During the 18th and 19th century, many Otavalo locals worked their trade in textile factories and this tradition continues in weaving villages and workshops in the area. Some of these 18th century workshops are still standing although one of the most beautiful, the Hosteria Hacienda Pinsaqui, has been converted into a fabulous boutique hotel.
Simon Bolivar was a frequent guest at Hacienda Pinsaqui. The hacienda was also the site of the signing of the Treaty of Pinsaqui, an agreement that ended conflict with Colombia in 1863, and was carefully restored after a strong earthquake a few years later.
Given the rich history and success of this beautiful hacienda, it should come as no surprise that it showcases beautiful marble floors, antique chandeliers, beautiful antique wooden furniture from France and Spain, and other features from a bygone era. Big, cozy hearths are found in the living and dining rooms, and each of the 30 suites has its own fireplace.
There is also plenty to see and do in the surrounding area. The hacienda grounds feature extensive, 200 year old gardens planted with stately palms, a variety of plants, ponds, and the occasional llama, and the colorful market at Otavalo is just a short drive down the road.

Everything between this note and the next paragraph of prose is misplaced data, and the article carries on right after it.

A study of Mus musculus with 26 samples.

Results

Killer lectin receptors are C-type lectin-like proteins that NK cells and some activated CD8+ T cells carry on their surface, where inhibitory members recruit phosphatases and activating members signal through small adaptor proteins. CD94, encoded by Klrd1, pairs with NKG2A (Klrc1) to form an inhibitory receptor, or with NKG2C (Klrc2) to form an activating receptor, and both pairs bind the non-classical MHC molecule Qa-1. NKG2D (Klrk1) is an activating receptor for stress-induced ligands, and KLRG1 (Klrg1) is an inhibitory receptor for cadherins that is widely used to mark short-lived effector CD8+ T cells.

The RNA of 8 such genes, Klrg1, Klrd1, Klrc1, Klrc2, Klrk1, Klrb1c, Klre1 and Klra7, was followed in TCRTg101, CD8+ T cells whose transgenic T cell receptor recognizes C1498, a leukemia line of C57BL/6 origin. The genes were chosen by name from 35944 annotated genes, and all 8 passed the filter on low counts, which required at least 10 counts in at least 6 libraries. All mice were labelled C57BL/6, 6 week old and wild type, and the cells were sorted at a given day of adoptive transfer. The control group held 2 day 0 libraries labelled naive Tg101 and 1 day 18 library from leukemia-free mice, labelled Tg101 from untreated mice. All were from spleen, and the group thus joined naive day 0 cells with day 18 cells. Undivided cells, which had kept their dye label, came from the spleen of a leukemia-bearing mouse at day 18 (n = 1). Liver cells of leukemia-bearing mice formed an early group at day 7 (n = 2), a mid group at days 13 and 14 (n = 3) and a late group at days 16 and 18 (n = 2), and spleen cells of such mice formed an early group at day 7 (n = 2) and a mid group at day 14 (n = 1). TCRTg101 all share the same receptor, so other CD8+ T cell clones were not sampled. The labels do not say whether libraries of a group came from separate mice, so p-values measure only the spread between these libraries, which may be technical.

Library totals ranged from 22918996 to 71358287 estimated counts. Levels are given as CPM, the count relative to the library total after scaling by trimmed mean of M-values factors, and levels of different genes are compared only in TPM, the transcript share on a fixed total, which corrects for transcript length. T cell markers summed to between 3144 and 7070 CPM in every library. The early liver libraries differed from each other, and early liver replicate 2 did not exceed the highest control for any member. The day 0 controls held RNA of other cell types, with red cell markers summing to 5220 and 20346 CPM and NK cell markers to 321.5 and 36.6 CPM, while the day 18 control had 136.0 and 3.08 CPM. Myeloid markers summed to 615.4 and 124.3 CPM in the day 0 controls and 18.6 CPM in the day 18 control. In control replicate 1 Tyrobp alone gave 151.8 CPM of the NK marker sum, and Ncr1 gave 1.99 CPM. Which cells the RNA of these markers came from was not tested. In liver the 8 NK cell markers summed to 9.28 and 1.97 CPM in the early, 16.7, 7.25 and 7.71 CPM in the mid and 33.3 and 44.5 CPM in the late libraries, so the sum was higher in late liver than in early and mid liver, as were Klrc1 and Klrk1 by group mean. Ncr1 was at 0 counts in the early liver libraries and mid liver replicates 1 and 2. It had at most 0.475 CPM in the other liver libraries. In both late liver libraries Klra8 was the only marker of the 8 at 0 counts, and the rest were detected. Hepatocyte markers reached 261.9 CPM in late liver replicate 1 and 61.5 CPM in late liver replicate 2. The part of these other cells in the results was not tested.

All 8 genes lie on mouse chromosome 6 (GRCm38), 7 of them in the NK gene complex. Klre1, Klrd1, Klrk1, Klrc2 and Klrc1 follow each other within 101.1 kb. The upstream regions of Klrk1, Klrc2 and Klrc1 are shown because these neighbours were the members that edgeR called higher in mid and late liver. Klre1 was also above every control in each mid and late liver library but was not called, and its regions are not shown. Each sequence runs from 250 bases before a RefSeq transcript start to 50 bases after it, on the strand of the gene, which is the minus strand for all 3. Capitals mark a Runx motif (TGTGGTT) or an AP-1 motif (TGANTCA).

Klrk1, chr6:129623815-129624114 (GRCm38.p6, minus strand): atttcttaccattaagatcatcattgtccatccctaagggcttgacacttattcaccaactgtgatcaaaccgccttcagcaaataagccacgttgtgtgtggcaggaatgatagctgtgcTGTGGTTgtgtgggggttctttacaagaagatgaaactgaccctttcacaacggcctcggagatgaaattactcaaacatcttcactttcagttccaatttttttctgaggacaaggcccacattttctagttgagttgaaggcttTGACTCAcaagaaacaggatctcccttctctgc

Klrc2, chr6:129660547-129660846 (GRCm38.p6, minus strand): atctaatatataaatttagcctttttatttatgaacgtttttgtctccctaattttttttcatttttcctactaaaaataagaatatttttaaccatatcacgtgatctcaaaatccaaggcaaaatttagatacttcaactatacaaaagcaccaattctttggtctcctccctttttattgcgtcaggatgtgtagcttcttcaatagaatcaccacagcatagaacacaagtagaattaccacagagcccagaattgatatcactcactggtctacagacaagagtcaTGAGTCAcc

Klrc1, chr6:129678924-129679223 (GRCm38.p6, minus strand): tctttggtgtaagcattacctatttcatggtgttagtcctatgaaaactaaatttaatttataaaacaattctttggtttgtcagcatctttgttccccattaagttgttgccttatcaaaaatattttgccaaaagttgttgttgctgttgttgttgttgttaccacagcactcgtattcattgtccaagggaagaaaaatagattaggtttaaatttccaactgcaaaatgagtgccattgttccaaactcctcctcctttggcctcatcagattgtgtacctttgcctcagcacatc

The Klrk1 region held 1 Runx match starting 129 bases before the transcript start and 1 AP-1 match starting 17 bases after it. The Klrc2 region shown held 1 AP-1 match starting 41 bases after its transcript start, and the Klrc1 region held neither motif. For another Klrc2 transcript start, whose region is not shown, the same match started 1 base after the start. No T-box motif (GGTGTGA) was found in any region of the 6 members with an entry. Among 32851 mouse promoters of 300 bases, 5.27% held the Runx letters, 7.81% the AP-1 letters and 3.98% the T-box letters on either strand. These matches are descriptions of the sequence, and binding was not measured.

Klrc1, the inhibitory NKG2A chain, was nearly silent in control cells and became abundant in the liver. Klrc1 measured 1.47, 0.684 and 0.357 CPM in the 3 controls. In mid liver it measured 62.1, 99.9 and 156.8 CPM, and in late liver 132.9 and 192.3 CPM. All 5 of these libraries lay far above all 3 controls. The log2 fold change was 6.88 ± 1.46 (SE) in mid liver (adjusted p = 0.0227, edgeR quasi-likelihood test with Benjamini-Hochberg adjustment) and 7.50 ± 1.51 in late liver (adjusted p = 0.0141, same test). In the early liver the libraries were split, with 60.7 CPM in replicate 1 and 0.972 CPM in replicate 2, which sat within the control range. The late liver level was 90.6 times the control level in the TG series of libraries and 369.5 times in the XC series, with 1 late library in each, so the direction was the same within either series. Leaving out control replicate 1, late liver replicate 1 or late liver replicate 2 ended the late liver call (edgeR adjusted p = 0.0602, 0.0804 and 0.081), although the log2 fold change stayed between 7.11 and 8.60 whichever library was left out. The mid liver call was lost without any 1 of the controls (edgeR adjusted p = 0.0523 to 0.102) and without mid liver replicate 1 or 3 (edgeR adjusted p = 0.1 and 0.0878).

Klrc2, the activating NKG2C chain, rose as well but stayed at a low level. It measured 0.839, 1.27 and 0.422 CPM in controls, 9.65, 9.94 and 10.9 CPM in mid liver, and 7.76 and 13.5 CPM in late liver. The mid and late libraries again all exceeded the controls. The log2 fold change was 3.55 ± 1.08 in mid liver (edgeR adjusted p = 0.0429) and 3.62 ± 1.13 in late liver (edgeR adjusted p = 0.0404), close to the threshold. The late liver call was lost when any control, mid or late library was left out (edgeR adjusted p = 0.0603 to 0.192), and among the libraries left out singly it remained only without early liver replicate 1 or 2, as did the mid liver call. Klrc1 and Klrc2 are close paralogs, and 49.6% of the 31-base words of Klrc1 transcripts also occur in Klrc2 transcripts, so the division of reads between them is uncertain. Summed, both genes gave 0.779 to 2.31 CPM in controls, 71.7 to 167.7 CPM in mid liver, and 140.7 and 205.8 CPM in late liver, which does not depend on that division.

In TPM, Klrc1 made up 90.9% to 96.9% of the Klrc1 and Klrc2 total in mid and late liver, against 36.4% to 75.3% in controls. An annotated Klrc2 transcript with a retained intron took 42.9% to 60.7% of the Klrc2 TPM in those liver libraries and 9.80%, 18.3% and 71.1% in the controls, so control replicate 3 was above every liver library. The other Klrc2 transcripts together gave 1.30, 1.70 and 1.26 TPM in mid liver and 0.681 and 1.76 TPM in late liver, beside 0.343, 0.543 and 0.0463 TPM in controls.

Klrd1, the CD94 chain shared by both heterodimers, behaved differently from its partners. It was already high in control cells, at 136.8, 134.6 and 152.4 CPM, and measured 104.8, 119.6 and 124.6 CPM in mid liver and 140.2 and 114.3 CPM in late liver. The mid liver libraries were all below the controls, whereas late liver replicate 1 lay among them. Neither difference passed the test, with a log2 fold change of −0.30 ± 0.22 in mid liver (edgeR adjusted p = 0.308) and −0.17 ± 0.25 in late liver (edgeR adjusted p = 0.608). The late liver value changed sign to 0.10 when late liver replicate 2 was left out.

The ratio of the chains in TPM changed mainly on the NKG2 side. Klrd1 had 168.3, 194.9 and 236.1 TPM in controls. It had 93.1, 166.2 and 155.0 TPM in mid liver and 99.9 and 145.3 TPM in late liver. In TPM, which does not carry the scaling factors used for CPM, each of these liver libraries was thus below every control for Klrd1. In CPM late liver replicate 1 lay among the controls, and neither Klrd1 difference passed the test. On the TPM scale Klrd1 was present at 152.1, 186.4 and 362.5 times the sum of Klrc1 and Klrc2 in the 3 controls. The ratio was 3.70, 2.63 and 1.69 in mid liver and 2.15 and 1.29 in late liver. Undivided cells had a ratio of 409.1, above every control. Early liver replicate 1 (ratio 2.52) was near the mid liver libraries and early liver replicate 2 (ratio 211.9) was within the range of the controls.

The spectacular Imbabura volcano is always in view and excursions can be arranged to visit many sites in the nearby highlands such as the Mojanda lakes, San Pablo Lake, and the Peguche Waterfall.
The towns of San Antonio and Cotacachi are also near the lodge and are renowned for the quality of their hand-crafted wood and stone sculptures, and leatherwear.
Visitors flock here mainly to take in the markets, which are stocked with goods from some of the most respected craftspeople in the world. Many of the locals wear traditional clothing, and sell their leather-work, weaving and wood carvings at the daily markets. The horse riding is fantastic here, and the traditional haciendas are sublime places to dine and rest your head.